By Rob Aid
14 February 2010

fish-neuromastThe lateral line is a hydrodynamic imaging system found in fish and aquatic amphibians enables them to accomplish a variety of underwater activities such as localization of moving prey or predators, detection of stationary objects, schooling without colliding and social communication. It consists of numerous hair cell sensors called neuromasts which are distributed all over the fish body, with many of them situated on the surface of the skin and others in sub-epidermal canals. Researchers in Illinois have created an artificial lateral line that could someday be used to keep man-made submersibles out of harm’s way.

Developed by Douglas Jones, from the University of Illinois, along with Chang Liu from Northwestern University, the artificial lateral line (ALL) consists of a 3-D system of biomimetic neuromasts (BNs) wrapped around a cylinder. Each individual BN consists of a horizontal cantilever with a 500 μm tall vertical hair attached at the distal end. In comparison, the cupulae of fish lateral line neuromasts range in height from about 20 μm to at least 500 μm, depending on the species. At the fixed end of the horizontal cantilever, a piezoresistor is embedded by selective doping of silicon material.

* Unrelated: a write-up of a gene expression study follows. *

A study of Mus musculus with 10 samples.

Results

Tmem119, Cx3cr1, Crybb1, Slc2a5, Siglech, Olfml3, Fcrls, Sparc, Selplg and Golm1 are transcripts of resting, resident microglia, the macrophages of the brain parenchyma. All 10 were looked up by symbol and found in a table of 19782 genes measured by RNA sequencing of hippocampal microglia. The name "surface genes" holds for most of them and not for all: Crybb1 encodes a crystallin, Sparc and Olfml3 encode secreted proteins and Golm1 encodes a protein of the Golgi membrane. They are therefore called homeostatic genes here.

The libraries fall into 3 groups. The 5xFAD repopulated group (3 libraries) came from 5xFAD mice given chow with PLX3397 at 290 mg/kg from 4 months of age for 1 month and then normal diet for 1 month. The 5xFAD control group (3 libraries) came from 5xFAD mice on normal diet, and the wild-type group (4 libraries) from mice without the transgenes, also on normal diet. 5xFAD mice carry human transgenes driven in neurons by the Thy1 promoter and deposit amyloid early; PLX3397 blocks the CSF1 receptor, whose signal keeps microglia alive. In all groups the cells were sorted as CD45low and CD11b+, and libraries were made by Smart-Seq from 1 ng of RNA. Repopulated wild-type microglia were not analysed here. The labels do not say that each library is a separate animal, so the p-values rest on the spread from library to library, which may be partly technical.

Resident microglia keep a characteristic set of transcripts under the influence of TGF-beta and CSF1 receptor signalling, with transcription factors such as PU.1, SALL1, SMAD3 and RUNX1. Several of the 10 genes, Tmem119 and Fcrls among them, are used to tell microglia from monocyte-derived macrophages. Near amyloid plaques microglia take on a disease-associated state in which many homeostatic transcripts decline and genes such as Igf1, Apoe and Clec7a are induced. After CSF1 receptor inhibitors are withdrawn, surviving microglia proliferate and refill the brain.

Flow moves the vertical hair and therefore creates a bending torque which acts on the horizontal cantilever which presses the piezoresistor and changes its resistance. The change of the resistance is used to assume the local flow velocity. Along the dominant axis, the sensor responds to flow in both directions with equal sensitivity but opposite polarity.

Fifteen BNs were used to make the ALL for their present study. A PVC pipe with outer diameter of 89mm was used to mimic the fish body. Among the 15 BNs, 9 were along the axis of the pipe with linear spacing of 30mm, and 7 were along the cross section of the pipe with angular spacing of 30° (corresponding to an arc length of 23mm). The two orthogonal arrays crossed each other at the middle where they shared a BN.

In one of their experiments, they placed a live crayfish in the pool where AAL array was submerged. Since the sensors are placed in relation to one another, and different ones would register the crayfish’s movements at different times, the array is able to detect the direction of the fish.

A man-made lateral-line system can be indispensable for underwater vehicles and robots, enabling new methods of exploration, interaction and communication. For more information about their research you can read the paper they published (PDF).